TARPON SPRINGS — The City Commission voted Tuesday night to buy downtown land, but left it to commissioners seated after next month's election to decide just what to do with it.
The property could be used to connect Tarpon Avenue to an Orange Street parking lot, for a city park or both.
"No official decision has been made what to do with the property," City Attorney Jim Yacavone said after the 3-2 vote.
The commission directed Yacavone to close on the property at 143 Tarpon Ave. by March 15. It also gave Mayor Beverley Billiris authority to sign documents.
Irene Weissenborn of Naples agreed to accept the city's $150,000 offer for the property that her brothers bought with sponge-diving proceeds. The offer is 25 percent more than the $120,000 appraised value.
"By voting to purchase the property, the intent is to complete the 10-year-old plan," said John Tarapani, a downtown property owner. "And that's parking and a pedestrian connection that can be used as a multiple-purpose lot for special events."
The property is a source of controversy, and the new commission will likely have to sort things out.
Last year, some downtown property owners were alarmed when they learned a group was planning to turn the property into a park. They said the land was previously designated as a connector between Tarpon Avenue and 40 parking spaces built in 2003 at East Orange Street and Safford Avenue.
A March 9 municipal election will replace Billiris and Commissioner Peter Dalacos, who have reached their term limits. Incumbent Chris Alahouzos is running for reelection and faces political newcomer Beverly Kurpinski.
Billiris, Alahouzos and Commissioner Susan Slattery voted to buy the property. Dalacos and Commissioner Robin Saenger voted against.
On March 16, a day after the closing deadline on the property, the new commission will be sworn in.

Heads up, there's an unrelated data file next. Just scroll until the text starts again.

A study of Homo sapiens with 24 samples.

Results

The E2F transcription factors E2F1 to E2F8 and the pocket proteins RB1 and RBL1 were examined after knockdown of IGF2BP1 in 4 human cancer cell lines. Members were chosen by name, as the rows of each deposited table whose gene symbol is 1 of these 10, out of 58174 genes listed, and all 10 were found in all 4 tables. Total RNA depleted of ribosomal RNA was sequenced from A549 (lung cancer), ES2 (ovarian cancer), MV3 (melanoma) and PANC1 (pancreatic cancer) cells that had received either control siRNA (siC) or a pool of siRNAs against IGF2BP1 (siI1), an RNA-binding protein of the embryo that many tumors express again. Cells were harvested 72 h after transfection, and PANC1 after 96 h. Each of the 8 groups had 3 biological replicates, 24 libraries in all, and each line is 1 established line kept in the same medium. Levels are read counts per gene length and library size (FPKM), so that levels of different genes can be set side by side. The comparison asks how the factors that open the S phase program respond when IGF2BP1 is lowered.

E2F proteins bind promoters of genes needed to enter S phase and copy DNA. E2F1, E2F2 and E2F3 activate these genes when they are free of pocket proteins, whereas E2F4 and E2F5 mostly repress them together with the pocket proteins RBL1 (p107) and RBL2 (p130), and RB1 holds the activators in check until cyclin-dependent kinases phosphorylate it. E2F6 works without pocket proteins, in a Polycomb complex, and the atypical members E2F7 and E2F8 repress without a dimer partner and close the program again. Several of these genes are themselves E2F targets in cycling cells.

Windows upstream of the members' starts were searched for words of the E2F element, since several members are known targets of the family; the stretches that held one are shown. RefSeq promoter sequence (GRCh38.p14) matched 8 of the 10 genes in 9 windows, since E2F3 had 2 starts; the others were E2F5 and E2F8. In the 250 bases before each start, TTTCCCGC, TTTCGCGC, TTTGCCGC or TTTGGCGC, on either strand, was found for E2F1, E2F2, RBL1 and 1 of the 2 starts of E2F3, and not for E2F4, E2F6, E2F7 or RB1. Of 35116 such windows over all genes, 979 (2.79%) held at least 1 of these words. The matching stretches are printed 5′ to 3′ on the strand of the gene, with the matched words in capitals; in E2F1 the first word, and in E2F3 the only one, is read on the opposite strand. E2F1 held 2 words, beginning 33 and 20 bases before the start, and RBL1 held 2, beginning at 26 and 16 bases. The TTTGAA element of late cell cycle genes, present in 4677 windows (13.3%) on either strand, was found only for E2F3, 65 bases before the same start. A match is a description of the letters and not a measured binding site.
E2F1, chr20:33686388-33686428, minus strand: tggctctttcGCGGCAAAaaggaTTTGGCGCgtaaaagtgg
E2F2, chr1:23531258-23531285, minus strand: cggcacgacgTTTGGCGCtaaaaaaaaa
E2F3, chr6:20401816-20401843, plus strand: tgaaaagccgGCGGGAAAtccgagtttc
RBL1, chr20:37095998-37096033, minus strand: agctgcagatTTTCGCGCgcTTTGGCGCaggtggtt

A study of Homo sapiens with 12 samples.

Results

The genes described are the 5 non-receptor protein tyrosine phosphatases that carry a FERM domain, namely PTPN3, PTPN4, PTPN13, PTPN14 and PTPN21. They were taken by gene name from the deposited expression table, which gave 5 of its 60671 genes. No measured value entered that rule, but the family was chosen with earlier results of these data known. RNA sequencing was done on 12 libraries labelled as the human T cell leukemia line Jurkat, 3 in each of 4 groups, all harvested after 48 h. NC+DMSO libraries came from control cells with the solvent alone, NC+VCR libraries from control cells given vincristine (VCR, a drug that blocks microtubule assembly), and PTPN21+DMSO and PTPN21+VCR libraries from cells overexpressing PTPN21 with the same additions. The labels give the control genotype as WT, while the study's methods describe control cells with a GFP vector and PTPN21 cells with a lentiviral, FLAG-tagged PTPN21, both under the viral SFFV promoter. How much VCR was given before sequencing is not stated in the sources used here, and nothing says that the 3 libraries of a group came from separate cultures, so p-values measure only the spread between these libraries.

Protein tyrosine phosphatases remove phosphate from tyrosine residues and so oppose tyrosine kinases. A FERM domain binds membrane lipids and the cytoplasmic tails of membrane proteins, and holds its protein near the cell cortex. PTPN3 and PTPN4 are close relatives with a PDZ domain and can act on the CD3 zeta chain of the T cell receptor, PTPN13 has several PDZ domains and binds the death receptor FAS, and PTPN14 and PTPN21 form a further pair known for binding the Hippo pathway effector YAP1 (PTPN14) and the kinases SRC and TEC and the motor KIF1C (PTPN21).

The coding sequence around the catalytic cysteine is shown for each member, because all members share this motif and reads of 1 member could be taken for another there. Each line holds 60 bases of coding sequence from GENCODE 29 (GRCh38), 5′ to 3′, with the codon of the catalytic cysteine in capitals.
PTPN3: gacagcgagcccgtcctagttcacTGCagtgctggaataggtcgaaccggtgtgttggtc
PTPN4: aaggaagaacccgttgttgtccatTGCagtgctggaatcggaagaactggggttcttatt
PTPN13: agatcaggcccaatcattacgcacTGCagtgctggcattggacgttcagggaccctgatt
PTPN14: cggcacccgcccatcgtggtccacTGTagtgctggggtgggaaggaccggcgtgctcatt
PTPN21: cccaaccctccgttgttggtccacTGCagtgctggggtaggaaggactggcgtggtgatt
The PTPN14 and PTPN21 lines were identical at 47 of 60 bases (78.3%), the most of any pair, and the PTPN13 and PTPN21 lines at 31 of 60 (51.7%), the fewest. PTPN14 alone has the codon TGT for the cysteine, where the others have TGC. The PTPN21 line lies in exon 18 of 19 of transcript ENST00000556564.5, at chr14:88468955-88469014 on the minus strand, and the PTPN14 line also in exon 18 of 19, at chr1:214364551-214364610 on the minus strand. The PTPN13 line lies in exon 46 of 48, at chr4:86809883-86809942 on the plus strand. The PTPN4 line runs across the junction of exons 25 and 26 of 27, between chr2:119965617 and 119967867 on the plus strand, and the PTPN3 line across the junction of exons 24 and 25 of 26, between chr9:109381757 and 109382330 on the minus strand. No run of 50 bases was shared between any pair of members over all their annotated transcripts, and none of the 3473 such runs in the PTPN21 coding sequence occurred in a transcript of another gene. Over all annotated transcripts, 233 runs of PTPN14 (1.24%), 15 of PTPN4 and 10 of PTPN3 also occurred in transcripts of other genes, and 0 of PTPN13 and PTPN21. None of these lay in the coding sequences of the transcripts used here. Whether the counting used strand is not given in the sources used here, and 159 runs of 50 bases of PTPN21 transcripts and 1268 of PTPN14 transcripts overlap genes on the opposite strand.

David Archie, who faces Matt King for mayor, met with a few downtown property owners Tuesday. He said he is still not convinced that a connector is what's needed for the property.
"I don't think that's the best use for the money," Archie said.
Figures as high as $300,000 to complete a connector have been discussed, but no solid numbers have been presented.
King said he's also concerned about the cost of the project.
"I don't have an objection to it being a connector to Orange Street," King said Tuesday. "My concern would be, and I don't know the answer to that right now, how much would that deplete (Community Redevelopment Area) funds? My vote would have to take that into account."
Alahouzos said the land should become a combination of parking, a park and public restrooms. He noted that the city currently rents public restrooms from a downtown business.
"Every time I speak to a business owner, they always want to talk about parking and public restrooms," Alahouzos said. "This property can contain both."
Kurpinski, his opponent, disagreed.
"I don't think using that piece of ground for a cut-through parking lot is best right now," she said. "The money could be used for the betterment of someplace else."
Jeff Larsen and Joe Muzio are fighting for Dalacos' seat. Larsen said he wasn't prepared to state a position. He said "it's something that needs to be discussed further."
Muzio said maintaining the property's value should be a concern.
"I would like to see a building in that area," Muzio said. "I don't believe making that a parking lot is the best use of that property. As a Realtor, the best use for a property is its prior usage, and that was a building."
Demorris A. Lee can be reached at email@example.com or (727) 445-4174.